Best rails position on frame in a dusty workspace

Thanks, Andy, for the link. Interesting video with nice tricks to know !

I did not thunk wood routers need so much rigidity in gantry . I think I will abandon my idea to add a router tool on my plasma table.
Maybe just add a laser to cut fine wood and plastic, but nothing weighty.

Leme give it a try to explain roughly what is usable:
-Plasma can not be used as a router (it can with abysmal results)
-Router can be used as plasma for thicker plates or lower currents, on thinner plates more cleaning might be required.

Thanks, Andy, for the link. Interesting video with nice tricks to know !
I did not thunk wood routers need so much rigidity in gantry


He might be over-doing it, but better too stiff than too floppy.

Bear in mind that he is making it for a professional woodworking business.

I think that a heavyweight plasma might make an OK lightweight router. But it would be limited to thick metal and light cuts in wood.
Last edit: 03 Aug 2022 21:17 by andypugh.
Ok thanks. So as I really need to be able to cut thin mid steel sheets, I will not go for an heavy plasma.

For my personal knowledge and curiosity, why does a plasma cannot run more slowly to compensate the less rigidity and torque of the gantry and motors? Is it due to cutted materials that could glue on cutting tools at bad linear speed/cutting tool rpm ratio, like aluminium?

The plasma torch is "burning" material away. There is an optimum speed for a given material and thickness that you need to follow for optimum cut quality. Going too slow, burns more material away so the kerf is wider and the air supply/plasma stream is unable to blow the dross away. This leads to dross buildup on the lower side of the sheet which can be stuck on a lot tighter than if at correct speed. So you need a lot more clean up.

Also, if the accelleration is too slow (eg heavy machine), you can experience cut quality issues on corners because due to the laws of physics the torch must slow down to negotiate a change in direction. Whilst Linuxcnc can lock the torch height when it senses this velocity drop to prevent vioent crashes, you still end up with a wider kerf and more dross that affect corner cut quality. If you can get up over 3000 mm/s/s acceleration, the torch can negotiate tighter radii at desired cut speed so you get sharper corners. (I can do 5 m/sec/sec with a light machine).

Thanks for those details.
I did have an idea of these but not so precise.

So about acceleration, I deduce that there is no ideal acceleration value, the much, the higher the better, but a good start is around 3000mm/s/s. Good ?

About wood router, is there an ideal linear speed too? If so, what is it due to?
Intuitively I thunk there is not, and running a light gantry slowly could work on wood. I will make some search about that..

The problem with light cuts at slow speeds in wood is that you can end up burning the wood. You need to keep the chip load high enough to avoid rubbing.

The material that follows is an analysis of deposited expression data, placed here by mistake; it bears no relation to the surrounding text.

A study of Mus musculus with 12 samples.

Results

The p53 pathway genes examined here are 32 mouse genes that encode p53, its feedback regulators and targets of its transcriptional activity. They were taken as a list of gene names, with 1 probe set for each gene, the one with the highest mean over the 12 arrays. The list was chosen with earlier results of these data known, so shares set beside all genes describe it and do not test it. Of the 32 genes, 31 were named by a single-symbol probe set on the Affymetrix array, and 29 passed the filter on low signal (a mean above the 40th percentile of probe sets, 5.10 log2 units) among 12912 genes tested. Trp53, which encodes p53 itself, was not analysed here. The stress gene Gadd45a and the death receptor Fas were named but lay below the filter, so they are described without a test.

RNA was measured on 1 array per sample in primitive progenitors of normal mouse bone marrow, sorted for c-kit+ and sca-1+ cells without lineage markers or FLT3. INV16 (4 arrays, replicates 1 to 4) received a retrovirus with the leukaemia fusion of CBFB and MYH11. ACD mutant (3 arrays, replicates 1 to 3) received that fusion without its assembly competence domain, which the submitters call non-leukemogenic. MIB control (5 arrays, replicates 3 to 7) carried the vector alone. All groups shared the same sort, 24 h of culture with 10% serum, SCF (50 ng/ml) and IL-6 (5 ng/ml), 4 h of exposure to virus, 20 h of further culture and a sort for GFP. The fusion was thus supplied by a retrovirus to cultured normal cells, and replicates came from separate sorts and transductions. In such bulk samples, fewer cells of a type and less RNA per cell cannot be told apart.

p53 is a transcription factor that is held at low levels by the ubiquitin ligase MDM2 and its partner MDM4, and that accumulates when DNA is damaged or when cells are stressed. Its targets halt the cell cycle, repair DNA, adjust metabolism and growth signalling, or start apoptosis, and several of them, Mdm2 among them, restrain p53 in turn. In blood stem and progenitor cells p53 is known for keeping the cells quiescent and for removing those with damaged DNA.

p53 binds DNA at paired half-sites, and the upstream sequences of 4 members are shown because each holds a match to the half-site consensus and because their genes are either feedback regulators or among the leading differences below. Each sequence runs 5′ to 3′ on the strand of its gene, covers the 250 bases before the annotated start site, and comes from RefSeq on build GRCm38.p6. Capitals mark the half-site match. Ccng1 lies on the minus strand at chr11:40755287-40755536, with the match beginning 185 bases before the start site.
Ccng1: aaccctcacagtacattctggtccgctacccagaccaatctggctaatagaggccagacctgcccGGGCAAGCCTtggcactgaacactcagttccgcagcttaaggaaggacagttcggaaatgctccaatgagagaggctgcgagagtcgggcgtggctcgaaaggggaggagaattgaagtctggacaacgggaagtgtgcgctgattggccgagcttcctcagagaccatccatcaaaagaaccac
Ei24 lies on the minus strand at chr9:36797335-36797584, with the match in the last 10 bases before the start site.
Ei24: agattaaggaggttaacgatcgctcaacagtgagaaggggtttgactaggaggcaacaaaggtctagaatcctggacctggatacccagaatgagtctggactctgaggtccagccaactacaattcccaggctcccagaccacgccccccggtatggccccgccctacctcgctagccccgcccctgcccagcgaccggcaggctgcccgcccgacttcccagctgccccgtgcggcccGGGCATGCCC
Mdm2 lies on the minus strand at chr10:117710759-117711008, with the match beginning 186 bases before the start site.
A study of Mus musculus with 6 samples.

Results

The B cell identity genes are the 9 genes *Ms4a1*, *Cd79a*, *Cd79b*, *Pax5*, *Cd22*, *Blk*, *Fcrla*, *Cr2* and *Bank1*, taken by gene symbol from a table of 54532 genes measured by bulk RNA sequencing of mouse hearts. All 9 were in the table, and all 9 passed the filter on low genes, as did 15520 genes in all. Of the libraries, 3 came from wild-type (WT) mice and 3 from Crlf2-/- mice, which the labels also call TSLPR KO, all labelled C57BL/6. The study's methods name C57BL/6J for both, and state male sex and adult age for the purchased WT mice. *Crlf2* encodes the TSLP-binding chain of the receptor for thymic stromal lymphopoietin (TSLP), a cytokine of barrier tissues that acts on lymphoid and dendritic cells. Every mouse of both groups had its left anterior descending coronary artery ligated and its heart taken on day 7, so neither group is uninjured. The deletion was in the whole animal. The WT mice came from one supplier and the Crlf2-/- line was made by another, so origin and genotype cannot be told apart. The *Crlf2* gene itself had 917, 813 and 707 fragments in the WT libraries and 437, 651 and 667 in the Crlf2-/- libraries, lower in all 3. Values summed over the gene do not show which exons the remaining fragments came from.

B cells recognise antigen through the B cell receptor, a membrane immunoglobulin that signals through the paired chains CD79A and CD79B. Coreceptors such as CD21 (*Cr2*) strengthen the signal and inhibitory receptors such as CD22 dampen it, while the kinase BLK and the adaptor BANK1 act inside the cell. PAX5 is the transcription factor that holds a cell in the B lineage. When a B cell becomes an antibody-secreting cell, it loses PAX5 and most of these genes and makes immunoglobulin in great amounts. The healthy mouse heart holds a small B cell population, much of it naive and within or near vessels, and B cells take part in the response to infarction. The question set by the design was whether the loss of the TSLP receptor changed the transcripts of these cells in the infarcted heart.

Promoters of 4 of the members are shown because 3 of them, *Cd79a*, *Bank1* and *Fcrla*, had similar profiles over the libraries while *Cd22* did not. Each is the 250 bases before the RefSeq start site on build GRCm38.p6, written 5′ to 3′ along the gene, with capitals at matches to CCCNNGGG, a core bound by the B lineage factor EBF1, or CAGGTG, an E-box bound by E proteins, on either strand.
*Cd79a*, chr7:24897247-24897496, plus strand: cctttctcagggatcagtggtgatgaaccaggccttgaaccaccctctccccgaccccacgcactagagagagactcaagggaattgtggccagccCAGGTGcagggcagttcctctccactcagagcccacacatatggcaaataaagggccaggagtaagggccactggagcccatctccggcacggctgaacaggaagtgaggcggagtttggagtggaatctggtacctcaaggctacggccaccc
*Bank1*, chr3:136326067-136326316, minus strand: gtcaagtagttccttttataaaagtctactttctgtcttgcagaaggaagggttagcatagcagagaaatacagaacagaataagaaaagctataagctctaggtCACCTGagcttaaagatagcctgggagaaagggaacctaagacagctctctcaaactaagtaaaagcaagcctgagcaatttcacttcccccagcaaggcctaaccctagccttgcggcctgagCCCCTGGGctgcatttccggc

But I am sure that there is an overlap between the two, so then the question is whether your work is in that overlap.

You could, potentially, have two gantries on the same rails.....


The problem with light cuts at slow speeds in wood is that you can end up burning the wood. You need to keep the chip load high enough to avoid rubbing.
But I am sure that there is an overlap between the two, so then the question is whether your work is in that overlap.

You could, potentially, have two gantries on the same rails.....

 


 
 
Thanks, Andy, you oriented me in the right direction to search.

I have done some search to better understand what we are talking about (wood router). I have found this nice video that explain chip load, and how to calculate it with surface speed, bit's RPM, and bit's number of teeth. I now understand that having a correct chip load is the main aim.

I deduce of it that as chip load is a function of surface speed and tool RPM's, working at low spindle's RPM and at a not too low surface speed should permit to be in a correct chip load range. I still need to calculate the cutting forces of that setup on the gantry and look at the gantry's rigidity.
I remind here that the Spindle would be removable, that it is not mounted on the gantry when the plasma works, to allow having sufficient accelerations for the plasma. And that plasma would be used in my business, but the wood router only as a hobby.

Another constraint is that as the larger the diameter of the bit, the more powerful the spindle must be. And the powerful the spindle is, the more weighty the spindle be. As I cannot have a weighty and powerful spindle on a light gantry of a CNC plasma, I cannot have a large diameter of bit on it. But bits with little diameter on a light spindle could be OK.

I will try to do some calculation and simulation with those parameters :
Plasma max speed : 10 000mm/min (Hypertherm 45xp cut chart)
Plasma reasonably good acceleration : 3000mm/s/s (Rod)
Plasma top acceleration : 5000mm/s/s (Rod)
Last edit: 07 Aug 2022 18:07 by pit34.

Keep in mind that for accelerations of 3-5K the moving parts have to be very lite and very rigid, any slop and it will end up visible in cuts.

Yes I know, I will try to do as lite as I can.
What do you think could be a good weight target for a 1,5m long gantry?